A GoFundMe campaign to raise money for the funeral of a 5-year-old girl killed Thursday after being hit by a leaping sturgeon while on a family boat outing in Florida had raised nearly $9,000 Saturday night, NBC News reported. The girl, Jaylon Rippy, was with her family on the Suwanee River near Fanning Springs, Florida, about 40 miles west of Gainsville. Her mother, Tanya Faye, 31, and brother, Trevor, 9, were injured by the jumping fish.
Jaylon's death represented the first fatality in such an event this year. Two other people were injured Friday on the Sante Fe River, also in Florida.
The GoFundMe crowdfunding campaign asked for funds to cover the cost of Jaylon Rippy's funeral as well as medical expenses, including possible surgeries, for her brother and mother. As of Saturday night, 173 people had donated $8,835, out of a goal of $25,000.
Death or injury by leaping sturgeon may sound far-fetched, but the prehistoric fish is known for leaving a trail of destruction when it jumps out of the water, a behavior biologists have long struggled to explain. The species in the Gulf of Mexico can grow to 9 feet and weigh 200 pounds, according to National Geographic. They are protected by a sheath of armored scales and can jump as high as 8 feet.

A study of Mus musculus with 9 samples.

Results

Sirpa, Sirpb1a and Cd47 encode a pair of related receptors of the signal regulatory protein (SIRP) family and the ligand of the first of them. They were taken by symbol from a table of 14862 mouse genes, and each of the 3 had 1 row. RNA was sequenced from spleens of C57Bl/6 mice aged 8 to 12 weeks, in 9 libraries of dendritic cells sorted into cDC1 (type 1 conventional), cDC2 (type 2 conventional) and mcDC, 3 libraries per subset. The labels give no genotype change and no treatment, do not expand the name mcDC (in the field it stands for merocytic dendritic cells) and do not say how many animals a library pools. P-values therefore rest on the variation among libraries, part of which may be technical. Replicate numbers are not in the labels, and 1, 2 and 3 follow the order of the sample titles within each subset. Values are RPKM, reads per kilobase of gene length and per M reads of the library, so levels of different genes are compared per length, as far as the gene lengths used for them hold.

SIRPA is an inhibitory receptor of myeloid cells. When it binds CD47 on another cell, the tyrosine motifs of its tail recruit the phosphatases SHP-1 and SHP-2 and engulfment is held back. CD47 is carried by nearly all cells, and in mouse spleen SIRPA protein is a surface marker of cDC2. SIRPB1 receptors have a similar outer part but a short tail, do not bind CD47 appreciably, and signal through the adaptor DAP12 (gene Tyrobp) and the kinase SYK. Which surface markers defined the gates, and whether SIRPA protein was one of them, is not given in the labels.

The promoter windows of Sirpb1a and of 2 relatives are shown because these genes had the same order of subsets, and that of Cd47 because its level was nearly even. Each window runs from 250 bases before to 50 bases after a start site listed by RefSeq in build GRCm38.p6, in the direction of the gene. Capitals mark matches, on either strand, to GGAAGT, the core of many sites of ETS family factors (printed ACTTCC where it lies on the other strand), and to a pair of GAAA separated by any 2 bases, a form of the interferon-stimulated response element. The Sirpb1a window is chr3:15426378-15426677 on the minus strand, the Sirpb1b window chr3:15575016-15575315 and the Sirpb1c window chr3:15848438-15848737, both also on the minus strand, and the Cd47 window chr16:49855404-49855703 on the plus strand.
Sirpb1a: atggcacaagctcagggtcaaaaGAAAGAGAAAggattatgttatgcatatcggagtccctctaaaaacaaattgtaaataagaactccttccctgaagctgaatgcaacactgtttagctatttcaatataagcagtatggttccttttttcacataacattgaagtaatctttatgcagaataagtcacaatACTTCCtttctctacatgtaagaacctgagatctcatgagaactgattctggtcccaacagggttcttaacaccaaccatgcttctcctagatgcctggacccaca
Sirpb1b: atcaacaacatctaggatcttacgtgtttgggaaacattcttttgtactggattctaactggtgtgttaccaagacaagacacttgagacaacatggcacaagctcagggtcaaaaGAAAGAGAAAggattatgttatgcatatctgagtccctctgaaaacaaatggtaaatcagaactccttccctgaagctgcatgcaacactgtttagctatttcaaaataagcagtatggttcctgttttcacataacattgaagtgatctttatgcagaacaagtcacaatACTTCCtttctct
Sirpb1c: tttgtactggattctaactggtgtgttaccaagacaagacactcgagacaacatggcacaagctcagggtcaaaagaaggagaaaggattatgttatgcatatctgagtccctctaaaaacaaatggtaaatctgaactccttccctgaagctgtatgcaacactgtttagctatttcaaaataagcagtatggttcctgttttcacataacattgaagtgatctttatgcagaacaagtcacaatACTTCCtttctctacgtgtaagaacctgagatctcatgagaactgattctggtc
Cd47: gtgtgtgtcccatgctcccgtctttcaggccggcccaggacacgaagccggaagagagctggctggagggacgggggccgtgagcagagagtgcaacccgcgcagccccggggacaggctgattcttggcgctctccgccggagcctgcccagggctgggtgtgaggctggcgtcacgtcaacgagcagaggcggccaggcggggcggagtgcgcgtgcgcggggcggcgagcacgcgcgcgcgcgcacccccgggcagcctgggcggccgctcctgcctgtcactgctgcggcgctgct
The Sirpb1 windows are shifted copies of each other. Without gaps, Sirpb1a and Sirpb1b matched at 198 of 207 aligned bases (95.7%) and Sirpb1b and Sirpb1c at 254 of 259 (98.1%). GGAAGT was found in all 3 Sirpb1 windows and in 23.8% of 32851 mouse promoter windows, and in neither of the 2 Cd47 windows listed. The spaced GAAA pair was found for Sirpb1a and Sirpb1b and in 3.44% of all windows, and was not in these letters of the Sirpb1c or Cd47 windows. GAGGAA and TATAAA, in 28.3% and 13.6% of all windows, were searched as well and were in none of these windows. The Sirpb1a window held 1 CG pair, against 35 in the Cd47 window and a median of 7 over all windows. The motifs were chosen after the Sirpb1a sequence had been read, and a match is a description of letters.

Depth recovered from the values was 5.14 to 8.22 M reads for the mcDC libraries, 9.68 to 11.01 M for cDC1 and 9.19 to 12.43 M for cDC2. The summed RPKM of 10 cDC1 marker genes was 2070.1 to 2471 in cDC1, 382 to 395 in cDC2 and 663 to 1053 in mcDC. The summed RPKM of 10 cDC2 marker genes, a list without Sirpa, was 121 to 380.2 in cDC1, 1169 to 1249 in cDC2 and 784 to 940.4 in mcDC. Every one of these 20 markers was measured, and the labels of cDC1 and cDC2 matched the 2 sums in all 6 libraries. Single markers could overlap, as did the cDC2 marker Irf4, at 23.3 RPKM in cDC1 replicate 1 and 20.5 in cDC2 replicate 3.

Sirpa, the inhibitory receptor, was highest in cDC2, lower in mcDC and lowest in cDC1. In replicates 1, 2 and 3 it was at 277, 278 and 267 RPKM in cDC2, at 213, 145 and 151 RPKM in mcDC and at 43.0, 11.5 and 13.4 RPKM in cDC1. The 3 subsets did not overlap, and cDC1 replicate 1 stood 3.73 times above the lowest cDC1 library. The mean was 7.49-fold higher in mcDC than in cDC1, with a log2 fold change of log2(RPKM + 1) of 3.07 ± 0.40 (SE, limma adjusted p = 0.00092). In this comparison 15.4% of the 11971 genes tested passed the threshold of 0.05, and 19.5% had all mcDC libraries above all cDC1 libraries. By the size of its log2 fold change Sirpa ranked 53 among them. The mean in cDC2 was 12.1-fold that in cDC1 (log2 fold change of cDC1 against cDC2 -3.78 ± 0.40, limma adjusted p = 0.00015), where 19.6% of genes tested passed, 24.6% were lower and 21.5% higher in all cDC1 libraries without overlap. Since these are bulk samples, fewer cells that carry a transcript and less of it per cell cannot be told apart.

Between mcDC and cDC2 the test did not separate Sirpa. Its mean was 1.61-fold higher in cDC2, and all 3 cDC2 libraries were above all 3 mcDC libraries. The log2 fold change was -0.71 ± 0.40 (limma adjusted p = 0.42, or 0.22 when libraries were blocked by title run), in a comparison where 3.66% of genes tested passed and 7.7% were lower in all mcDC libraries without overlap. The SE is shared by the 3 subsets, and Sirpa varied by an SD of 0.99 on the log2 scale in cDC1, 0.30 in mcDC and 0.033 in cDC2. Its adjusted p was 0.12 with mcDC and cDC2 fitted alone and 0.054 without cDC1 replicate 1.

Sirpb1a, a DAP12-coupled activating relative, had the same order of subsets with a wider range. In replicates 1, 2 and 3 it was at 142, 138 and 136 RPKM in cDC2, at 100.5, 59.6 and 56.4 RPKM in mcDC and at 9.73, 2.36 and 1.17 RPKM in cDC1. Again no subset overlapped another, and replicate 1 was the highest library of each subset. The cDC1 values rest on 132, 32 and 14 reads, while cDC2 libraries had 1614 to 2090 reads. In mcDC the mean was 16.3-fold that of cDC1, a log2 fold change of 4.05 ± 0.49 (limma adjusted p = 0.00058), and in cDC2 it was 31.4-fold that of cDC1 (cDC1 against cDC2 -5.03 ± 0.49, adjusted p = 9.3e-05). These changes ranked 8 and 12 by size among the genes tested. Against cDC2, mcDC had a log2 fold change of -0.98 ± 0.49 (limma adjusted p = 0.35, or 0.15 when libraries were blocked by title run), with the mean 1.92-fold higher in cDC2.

For boaters, these leaping fish are one of the hazards of being on the water. Those hit by this ancient species have suffered concussions, broken ribs and other bones, cracked teeth and a collapsed lung. In 2007, a 32-year-old woman, also boating on the Suwannee River, was knocked unconscious when a sturgeon leaped out of water.
"With the low water levels in the river system, the sturgeon are jumping much more frequently than in recent years," said Maj.
The largest sturgeon ever recorded caught was estimated to weigh 1,100 pounds and believed to be 100 years old.